Students visiting the University of Virginia’s student center on the Corner, known simply as 1515, can grab a latte from the in-house café, reserve rooms for group meetings, study in its many nooks and crannies or take a break in the game room.
Now, they can also figure out the next steps in their post-graduation careers.
The UVA Career Center has added a new location on the second floor of 1515. Career counselors and peer educators staff the space every weekday from noon to 5 p.m., allowing students to drop by for informal conversations as they are studying or heading to and from class.
The 1515 space is part of the Career Center’s larger effort to engage students early in the career exploration process, especially first- and second-year students who might not have chosen a major or a career path yet. The center opened an office in Newcomb Hall last year and will soon have space in Clemons Library, in addition to its main offices in Bryant Hall.
“We want to be able to meet students where they are and make it easy for them to get in front of our career advisers and peer educators and ask the questions they have,” said Carrie Rudder, director of career counseling, advising and communities.
The 1515 space is particularly informal, in keeping with the relaxed, open vibe of the renovated building. Small partitions divide advising and study spaces, a display wall encourages students to think about different career topics, and coffee, tea and hot chocolate are always available.
“Carrie’s vision for this space was to create a convenient place that all students would find welcoming and free from the intimidation often associated with traditional career centers,” Associate Vice President for Career and Professional Development Everette Fortner said. “It’s a great space to just start a discussion about different career paths, and we hope it will become even more useful to students as they come by, experience it and give us their feedback.”
So far, Rudder said, the space has proved very popular with students and has seen significant traffic on most weekdays, especially in the days leading up to big career fairs or other recruiting events.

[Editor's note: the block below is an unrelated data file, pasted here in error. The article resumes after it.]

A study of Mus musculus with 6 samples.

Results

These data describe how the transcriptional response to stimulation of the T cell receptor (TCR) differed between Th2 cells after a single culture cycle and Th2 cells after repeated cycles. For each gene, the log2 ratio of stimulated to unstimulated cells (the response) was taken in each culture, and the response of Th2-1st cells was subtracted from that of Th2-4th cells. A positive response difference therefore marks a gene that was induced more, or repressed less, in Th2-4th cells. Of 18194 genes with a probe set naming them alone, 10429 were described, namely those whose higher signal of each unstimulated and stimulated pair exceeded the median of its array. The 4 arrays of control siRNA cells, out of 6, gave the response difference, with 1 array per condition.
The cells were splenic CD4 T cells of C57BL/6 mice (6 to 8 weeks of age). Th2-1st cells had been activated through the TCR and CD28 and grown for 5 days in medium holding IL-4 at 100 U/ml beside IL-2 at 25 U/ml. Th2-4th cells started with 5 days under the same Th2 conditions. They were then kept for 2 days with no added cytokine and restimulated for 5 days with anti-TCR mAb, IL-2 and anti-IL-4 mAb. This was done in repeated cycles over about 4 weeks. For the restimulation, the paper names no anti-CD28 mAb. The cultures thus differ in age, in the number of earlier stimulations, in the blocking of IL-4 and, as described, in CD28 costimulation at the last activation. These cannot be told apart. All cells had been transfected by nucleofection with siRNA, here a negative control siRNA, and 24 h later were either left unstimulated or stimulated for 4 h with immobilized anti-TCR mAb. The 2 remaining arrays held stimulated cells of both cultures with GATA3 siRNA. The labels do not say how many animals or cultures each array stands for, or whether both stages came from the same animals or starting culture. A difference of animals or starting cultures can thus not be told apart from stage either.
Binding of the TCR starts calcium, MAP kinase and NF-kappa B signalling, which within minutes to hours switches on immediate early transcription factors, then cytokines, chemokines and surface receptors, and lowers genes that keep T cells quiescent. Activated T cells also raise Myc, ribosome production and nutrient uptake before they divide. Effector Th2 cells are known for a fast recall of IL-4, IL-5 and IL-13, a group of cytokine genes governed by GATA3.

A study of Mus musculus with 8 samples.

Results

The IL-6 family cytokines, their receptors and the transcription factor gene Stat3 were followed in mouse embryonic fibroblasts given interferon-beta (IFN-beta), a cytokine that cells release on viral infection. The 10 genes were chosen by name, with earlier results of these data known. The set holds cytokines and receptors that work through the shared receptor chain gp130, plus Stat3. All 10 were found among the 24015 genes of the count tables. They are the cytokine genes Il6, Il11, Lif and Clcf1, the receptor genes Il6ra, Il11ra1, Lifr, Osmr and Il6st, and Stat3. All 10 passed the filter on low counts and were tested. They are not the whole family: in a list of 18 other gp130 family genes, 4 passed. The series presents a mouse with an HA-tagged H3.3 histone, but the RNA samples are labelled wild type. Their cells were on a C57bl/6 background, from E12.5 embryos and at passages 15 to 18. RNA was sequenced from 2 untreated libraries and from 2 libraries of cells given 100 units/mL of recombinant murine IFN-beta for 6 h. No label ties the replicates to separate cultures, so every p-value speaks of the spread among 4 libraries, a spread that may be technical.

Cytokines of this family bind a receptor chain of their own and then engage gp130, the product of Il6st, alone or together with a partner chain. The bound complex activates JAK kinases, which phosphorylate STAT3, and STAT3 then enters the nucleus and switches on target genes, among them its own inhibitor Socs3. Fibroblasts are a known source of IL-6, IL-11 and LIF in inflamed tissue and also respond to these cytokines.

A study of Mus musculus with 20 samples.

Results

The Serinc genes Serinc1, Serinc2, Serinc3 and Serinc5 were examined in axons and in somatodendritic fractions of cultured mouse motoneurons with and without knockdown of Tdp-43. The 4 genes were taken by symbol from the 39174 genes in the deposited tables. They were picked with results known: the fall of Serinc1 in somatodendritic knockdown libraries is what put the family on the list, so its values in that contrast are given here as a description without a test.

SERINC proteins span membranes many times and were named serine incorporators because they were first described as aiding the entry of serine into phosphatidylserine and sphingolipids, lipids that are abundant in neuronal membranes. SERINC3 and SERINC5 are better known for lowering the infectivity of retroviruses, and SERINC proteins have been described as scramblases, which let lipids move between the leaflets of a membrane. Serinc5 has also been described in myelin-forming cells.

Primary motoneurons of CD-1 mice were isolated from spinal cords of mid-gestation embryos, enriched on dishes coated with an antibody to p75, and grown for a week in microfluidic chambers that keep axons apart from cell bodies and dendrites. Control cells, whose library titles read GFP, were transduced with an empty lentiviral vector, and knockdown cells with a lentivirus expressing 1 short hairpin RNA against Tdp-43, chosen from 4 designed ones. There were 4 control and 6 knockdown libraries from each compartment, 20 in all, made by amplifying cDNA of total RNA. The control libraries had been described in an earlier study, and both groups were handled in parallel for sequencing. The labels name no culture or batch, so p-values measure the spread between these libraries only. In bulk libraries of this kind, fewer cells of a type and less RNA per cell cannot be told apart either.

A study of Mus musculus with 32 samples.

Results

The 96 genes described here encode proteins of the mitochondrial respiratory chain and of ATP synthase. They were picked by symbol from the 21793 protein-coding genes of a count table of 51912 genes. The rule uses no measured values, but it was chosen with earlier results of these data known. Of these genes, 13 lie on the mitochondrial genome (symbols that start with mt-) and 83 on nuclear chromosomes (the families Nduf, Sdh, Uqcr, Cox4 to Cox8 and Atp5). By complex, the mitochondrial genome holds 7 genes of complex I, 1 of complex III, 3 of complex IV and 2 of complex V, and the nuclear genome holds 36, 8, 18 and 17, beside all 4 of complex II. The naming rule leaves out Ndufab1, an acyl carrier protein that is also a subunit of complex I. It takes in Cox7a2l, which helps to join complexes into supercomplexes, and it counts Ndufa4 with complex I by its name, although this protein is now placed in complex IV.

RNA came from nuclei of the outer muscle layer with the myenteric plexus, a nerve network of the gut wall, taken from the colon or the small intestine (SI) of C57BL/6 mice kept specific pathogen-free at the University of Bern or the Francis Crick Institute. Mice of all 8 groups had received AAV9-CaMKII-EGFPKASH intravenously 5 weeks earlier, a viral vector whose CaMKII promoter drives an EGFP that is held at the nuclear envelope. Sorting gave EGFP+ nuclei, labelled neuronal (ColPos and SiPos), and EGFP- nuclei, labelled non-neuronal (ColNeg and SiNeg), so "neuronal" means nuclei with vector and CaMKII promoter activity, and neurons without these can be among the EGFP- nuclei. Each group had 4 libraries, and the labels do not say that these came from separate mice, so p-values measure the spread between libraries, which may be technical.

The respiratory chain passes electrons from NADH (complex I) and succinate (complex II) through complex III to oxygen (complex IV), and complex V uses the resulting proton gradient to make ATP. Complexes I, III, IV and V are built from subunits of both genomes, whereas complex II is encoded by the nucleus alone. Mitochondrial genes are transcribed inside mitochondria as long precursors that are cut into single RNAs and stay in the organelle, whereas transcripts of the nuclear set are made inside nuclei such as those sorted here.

“I feel really flattered to have a presence in 1515, because it is a student-run space and a student-driven space,” she said.
Third-year McIntire School of Commerce and religious studies student Winnie Taso, who works with the Career Center as a career peer educator, said her classmates have enjoyed the flexibility of having a career advising center on the Corner.
“So many students pass by there multiple times every day,” she said. “A lot of them are using it for quick check-ins, to have their résumé or cover letter reviewed, or to prepare for all of the career fairs going on right now.”
During the first few weeks of the semester, career advisers hosted “career chats” at 1515, welcoming students with coffee and cookies and talking with them about the resources the Career Center offers. There have been workshops on how to make the most of career fairs and how to build a great LinkedIn profile, among other topics, and many more are planned.
Career advisers have also met with whole halls of first-year students, as resident advisers brought the newest Wahoos over to explore 1515 and learn more about career advising resources.
In further efforts to reach new students, advisers are making presentations in College Advising Seminars, one-credit classes specifically designed for first-year students, to encourage them to take advantage of Career Center resources as early as possible, even – or especially – if they have not decided on a major or career path.
“Sometimes students think that they have to have all of their plans together before they come to us,” Rudder said. “But a lot of the conversations we have with students are just about where they can start or what they can do to learn more about the options out there.”
Indeed, conversations in 1515 have ranged from the broad – what career paths might fit particular interests and passions – to the specific – preparing for an upcoming career fair or drafting a stellar résumé. Often, those conversations are just the beginning. Having gotten a taste of career advising, students come back over and over.
“I’m really excited to see how this space evolves,” career peer educator and fourth-year Commerce student Evangeline Chiow said. “I have loved seeing more and more students using the Career Center, because they offer such great resources and advice.”